Motorcyclists defy 2-metre rule outside Old Strathcona Tim Hortons
Whyte Avenue Tim Hortons owner erects barricades to prevent clustering
Motorcyclists refusing to obey the two-metre physical distancing rule while congregating on Whyte Avenue are frustrating community leaders.
Coun. Ben Henderson says he saw people clustered outside the Tim Hortons on Whyte Avenue a few days ago.
"If we can't get compliance then we'll be forced to make him shut, which nobody wants to do," Henderson said.
"I'm guessing that that's the real fear," he added. "If people will not behave, then we may have no choice."
CBC News contacted the owner of the Tim Hortons, who did not want to be quoted or have his name published, but said he had asked the city and police for help with motorcyclists.
The city delivered traffic barricades which have been erected around the majority of parking spots outside the restaurant, he said.
In an email to CBC News, the city confirmed it supplied barriers to the restaurant on April 17 at the request of the Edmonton Police Service, which wanted to close the parking lot to motorcycles.
'Putting more people at risk'
Cherie Klassen, executive director of the Old Strathcona Business Association, said she's heard from several business owners and residents who say they're disconcerted by ongoing defiance of Alberta's public health orders during the COVID-19 pandemic.
"It's concerning to me that, in our area, people wouldn't be following those rules and be putting more people at risk," Klassen told CBC News Monday.
Most businesses in the area are co-operating with the province's orders and setting a positive example for the public, Klassen said.
I've been advocating for reducing lanes on Whyte, and have been helping Tim's with closing off their parking lot.—@cherlk
"They're very concerned about the safety of their patrons, their staff and the public and so they've been very co-operative," she said. "So this is very frustrating when we are trying to create a safe environment — as we always do — and then for the people in the public to not pay attention, that is quite frustrating."
Liane Langlois, founder and president of the Alberta Motorcycle Safety Society, is urging fellow riders to follow the rules.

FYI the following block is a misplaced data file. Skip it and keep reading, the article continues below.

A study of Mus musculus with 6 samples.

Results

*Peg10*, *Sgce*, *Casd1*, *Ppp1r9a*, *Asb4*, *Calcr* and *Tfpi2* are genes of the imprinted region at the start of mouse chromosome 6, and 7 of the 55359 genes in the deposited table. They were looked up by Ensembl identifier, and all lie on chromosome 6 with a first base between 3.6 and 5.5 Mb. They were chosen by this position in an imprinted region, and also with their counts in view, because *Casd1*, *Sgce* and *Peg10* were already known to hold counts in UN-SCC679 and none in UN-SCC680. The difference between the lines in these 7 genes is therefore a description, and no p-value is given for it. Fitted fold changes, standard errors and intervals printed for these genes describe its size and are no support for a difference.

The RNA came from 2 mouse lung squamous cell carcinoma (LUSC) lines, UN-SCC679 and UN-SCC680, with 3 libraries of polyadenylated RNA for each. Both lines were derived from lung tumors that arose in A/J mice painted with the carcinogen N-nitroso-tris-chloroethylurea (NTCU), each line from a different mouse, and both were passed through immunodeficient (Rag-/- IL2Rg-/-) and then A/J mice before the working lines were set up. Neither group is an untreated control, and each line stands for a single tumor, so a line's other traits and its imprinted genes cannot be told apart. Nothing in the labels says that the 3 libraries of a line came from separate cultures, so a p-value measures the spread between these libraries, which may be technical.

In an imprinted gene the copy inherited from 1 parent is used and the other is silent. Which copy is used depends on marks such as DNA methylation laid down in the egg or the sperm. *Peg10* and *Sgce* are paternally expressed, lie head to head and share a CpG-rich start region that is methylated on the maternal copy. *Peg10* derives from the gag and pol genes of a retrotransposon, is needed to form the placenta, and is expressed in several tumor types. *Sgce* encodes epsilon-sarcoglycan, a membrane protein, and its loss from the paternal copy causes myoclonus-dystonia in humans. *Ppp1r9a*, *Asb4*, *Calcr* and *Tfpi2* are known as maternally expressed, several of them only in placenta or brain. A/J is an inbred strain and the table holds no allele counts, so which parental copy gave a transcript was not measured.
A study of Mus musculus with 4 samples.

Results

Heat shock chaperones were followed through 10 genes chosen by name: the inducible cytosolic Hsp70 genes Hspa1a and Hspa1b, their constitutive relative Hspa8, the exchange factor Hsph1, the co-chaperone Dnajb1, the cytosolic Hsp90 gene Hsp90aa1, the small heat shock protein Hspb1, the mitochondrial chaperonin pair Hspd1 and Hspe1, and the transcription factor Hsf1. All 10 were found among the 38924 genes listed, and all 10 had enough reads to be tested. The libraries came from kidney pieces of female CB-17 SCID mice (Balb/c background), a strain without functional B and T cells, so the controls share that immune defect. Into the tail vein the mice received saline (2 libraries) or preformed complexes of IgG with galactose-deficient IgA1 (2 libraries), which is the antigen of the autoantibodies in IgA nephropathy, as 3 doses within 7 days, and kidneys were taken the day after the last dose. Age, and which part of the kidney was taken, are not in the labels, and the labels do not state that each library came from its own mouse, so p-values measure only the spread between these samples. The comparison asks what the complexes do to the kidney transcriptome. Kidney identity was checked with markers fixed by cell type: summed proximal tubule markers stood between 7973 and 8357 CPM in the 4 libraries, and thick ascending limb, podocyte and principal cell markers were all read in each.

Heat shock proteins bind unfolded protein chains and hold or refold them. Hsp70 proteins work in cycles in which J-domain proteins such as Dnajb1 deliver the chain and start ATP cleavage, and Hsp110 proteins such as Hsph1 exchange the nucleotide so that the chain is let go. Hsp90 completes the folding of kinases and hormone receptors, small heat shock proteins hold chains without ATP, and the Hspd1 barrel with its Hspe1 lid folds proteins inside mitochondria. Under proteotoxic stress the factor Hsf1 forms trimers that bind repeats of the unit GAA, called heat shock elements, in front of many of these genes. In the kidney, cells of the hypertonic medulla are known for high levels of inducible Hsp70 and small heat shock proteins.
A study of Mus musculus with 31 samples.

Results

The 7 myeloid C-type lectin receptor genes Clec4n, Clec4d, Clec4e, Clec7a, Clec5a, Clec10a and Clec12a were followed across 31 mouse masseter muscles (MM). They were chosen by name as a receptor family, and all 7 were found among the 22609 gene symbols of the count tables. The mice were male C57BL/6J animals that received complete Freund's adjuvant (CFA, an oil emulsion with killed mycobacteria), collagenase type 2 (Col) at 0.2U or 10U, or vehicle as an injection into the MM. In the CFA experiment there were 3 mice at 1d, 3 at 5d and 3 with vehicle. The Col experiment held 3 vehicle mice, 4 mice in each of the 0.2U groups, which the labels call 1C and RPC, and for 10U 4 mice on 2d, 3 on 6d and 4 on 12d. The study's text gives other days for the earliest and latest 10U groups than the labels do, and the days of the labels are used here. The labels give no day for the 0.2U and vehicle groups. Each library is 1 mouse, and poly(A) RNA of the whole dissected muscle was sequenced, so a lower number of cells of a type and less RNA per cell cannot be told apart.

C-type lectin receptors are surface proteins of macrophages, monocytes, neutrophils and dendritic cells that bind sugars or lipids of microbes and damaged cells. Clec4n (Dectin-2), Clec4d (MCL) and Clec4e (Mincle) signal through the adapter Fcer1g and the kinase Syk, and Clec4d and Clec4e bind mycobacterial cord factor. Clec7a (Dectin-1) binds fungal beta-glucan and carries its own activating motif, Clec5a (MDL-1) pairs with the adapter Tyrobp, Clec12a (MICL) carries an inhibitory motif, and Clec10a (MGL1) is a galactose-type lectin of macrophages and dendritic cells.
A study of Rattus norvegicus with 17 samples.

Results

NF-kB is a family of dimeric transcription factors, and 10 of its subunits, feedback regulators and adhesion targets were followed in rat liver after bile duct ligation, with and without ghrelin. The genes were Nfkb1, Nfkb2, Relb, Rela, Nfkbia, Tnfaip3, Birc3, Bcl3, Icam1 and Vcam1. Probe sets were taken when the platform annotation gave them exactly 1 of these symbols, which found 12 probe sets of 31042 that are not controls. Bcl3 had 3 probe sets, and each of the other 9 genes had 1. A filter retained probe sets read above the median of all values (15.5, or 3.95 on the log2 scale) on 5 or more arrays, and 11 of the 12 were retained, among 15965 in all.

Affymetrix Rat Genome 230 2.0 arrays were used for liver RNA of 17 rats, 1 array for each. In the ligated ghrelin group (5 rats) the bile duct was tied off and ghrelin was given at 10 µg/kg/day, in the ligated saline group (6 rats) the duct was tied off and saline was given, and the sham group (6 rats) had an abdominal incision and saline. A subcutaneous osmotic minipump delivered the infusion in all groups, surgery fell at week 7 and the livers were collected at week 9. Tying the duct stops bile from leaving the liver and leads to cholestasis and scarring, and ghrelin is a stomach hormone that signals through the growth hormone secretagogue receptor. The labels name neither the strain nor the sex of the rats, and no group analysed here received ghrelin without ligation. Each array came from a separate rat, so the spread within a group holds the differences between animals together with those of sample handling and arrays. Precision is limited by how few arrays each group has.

"There's no reason you can't go out and ride," Langlois said. "We need to be responsible with that."
Fines may be the answer
Riders are expected to obey the same rules as passengers in vehicles — they can only ride together on a bike if they live in the same household.
In an interview Monday, Langlois noted that with few outdoor hobbies left, it's important now more than ever to adhere to the public orders.
"The last thing anybody wants to be is the cause of the City of Edmonton or the province of Alberta [deciding that] riding a motorcycle is non-essential and therefore we're stuck without being able to ride."
Henderson said he expects peace officers and police will soon switch gears and, instead of issuing warnings, start handing out $1,000 tickets.
Complaints about noisy motorcycles and vehicles with modified mufflers are the same every year in and around the river valley, he said.
"My email's exploding with people complaining about loud vehicles again, which obviously includes those bikes," Henderson said.
'It's the same idiocy'
But Henderson noted the noise is worse now because there are fewer vehicles on the streets during the COVID-19 pandemic.
"I can't tell you how frustrating this is," he said. "This is just not a time for people to be idiots.
"Whether or not you somehow think it doesn't mean you — not to cluster in a parking lot, jeopardizing a business — it's the same arrogance, it is the same selfishness, it's the same idiocy."
The city launched a noise-detecting pilot project in August 2018 and began issuing tickets for noise infractions last spring.
At a council meeting last week, Henderson asked city managers about the progress of the program. Managers said they are still gathering data on noise infractions and plan to report back at a later date.